Investment

Softbank makes first investment in Colombia in Digital Hotel Chain Ayenda

LatAm List – In the wake of Softbank’s new $5B fund for Latin America, we report that the VC fund made its first investment in a Colombian startup alongside 500 Startups and Kairos. Softbank joined a $1.25M Seed round to support Colombia’s Ayenda Rooms, Latin America’s first digital hotel chain. This investment was made before Softbank opened its new LatAm fund following two recent investments in Brazil’s Loggi and Gympass.

Since it launched in 2018, Ayenda has already become Colombia’s largest hotel chain, operating 45 properties with members that generate more than $1M. Ayenda operates as a budget hotel franchise by exclusively marketing the hotel, providing its brand, technology and its acquisition channels, and then taking a percentage of all of the hotel’s sales in return.

This business model has found tremendous success in Asia, with India’s OYO Rooms bringing in over $1B in investment, including from Softbank’s Vision Fund. Singapore’s Reddoorz has also received rounds in the millions. This investment fits into a trend of successful Asian business models that have been copied in Latin America, which has also attracted Asian investment, including Softbank, to the region.

Currently, 60% of hotels in Latin America are independent, creating an ample market for Ayenda to expand its franchise. With its 20-person team, Ayenda plans to use the investment to expand to 6 new cities and 120 hotels throughout 2019.

“This round brings together the right partners and amount of funding to expand to at least 120 new properties by the end of the year,” said Andres Sarrazola, CEO of Ayenda Rooms.

It takes fewer than 15 days for a hotel to become a part of Ayenda’s franchise system, allowing the startup to expand quickly across Colombia.

Softbank is one of the world’s largest technology investors, deploying over across the world $100B through its Vision Fund. The fund recently announced a commitment of $2B to the new Softbank Innovation Fund, which will be dedicated to investing in Latin American companies, especially in Argentina, Chile, Brazil, Colombia, and Mexico. This fund will be led by Mauricio Claure, the Bolivian COO of Softbank and ex-CEO of Sprint.

This fund is Softbank’s first major investment into a single region, although they have previously bet on specific countries, like India, in the past. By establishing a parallel group called SoftBank Latin America Local Hub, Softbank will also provide support to its portfolio companies to expand across the region.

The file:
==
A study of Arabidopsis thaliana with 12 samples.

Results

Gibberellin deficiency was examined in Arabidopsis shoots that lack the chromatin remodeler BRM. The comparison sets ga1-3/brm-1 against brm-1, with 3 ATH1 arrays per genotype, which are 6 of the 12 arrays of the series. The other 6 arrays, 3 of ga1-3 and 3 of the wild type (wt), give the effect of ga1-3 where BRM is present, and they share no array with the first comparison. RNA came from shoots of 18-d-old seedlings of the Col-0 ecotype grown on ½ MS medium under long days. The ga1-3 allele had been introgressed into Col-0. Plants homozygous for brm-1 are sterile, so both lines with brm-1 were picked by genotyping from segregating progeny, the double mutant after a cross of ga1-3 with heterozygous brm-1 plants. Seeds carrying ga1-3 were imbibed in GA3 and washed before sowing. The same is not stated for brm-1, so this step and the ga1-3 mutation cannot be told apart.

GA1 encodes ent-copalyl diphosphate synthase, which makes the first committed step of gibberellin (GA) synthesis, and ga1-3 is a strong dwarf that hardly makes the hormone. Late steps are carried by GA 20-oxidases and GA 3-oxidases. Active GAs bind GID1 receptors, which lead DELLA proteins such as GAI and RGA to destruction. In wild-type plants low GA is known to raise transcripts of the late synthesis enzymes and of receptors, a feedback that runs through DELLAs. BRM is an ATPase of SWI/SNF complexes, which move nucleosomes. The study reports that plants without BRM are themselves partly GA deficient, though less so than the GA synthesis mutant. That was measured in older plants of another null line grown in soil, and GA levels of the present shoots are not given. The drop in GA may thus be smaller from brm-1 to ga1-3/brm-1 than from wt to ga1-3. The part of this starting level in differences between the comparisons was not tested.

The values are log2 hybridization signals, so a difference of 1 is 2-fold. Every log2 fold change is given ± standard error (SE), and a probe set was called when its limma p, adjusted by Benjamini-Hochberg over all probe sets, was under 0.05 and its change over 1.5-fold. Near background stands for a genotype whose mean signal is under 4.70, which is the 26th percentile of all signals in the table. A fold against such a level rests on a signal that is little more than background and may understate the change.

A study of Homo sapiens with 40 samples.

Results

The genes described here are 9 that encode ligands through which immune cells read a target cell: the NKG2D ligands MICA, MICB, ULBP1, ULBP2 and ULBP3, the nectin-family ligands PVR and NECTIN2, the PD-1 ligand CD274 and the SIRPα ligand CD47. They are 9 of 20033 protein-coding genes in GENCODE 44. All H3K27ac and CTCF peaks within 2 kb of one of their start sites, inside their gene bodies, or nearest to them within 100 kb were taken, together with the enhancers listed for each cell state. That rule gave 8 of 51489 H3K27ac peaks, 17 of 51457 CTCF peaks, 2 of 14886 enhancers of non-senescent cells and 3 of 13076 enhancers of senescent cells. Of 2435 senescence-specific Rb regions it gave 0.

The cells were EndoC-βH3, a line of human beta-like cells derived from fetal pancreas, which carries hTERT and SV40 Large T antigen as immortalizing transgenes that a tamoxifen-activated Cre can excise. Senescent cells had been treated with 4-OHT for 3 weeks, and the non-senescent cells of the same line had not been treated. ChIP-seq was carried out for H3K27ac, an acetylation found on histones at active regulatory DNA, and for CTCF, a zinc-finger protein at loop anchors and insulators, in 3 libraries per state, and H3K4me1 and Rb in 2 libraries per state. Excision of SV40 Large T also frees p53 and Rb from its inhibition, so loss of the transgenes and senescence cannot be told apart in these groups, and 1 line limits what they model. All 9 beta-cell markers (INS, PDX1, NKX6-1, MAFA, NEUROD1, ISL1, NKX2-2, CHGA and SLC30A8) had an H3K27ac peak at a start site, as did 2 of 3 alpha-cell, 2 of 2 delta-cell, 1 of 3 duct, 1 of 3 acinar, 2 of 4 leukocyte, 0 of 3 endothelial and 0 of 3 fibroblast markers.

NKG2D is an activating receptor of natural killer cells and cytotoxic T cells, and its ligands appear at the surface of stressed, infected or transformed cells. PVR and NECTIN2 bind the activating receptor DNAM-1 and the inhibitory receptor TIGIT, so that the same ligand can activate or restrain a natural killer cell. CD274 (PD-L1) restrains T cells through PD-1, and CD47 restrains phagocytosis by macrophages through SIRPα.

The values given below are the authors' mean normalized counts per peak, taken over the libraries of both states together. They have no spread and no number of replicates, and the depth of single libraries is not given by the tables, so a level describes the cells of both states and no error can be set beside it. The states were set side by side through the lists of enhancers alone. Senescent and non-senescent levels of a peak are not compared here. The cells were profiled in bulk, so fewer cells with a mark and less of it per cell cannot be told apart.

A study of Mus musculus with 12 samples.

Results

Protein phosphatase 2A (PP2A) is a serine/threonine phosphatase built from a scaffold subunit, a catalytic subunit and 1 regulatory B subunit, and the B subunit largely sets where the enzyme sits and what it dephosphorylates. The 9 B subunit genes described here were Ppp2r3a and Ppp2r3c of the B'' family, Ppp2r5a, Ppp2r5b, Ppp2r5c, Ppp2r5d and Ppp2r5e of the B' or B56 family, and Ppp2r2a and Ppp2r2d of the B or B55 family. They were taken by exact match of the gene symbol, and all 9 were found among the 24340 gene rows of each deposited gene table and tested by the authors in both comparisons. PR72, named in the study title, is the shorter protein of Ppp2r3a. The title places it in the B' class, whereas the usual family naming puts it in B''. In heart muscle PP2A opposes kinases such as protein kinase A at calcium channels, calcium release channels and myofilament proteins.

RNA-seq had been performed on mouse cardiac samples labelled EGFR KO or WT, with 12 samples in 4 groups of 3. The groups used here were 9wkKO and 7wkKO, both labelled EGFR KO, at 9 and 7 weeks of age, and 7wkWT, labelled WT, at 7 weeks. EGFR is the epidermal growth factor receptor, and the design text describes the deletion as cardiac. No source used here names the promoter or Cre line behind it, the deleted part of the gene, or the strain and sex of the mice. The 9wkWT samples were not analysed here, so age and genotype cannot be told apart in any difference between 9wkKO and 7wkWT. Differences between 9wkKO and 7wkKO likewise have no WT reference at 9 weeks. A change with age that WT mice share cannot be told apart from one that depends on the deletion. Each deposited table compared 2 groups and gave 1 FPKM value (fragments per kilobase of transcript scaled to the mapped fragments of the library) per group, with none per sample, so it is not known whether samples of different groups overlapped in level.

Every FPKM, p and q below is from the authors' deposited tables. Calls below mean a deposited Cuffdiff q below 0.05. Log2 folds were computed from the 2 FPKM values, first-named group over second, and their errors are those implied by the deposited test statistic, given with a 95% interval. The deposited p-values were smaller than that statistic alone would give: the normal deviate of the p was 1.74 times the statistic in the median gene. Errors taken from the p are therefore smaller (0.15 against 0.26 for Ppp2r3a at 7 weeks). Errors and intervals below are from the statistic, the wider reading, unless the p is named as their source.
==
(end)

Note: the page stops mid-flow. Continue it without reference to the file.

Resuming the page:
From TechCrunch:

“Latin America is on the cusp of becoming one of the most important economic regions in the world, and we anticipate significant growth in the decades ahead,” said Masayoshi Son, chairman and chief executive officer of SBG, in a statement. “SBG plans to invest in entrepreneurs throughout Latin America and use technology to help address the challenges faced by many emerging economies with the goal of improving the lives of millions of Latin Americans. “

As the US shies away from international investments, Asia has stepped into the Latin American ecosystem and Softbank’s presence will be felt across the region. The new Innovation fund dwarfs any previous capital or funds that have invested in the region. Just over $1B was invested in the region last year, and the largest funds in Brazil are investing $150M. Softbank will put up to $5B into Latin American startups in the coming years.

Softbank is betting on Latin America as the region reaches an inflection point, with millions entering the middle class every year. Latin America currently has more internet users than the US but still faces entrenched problems that tech startups across the region are seeking to solve. Softbank looks to be there to support those companies as they begin to expand internationally.

The Ayenda Rooms investment did not come from the new fund, as it was announced two months before the Innovation Fund was made public. However, this investment bodes well for Softbank expanding its investment interests across Latin America beyond Brazil and speaks to the increasingly close relationship between Asia and Latin America.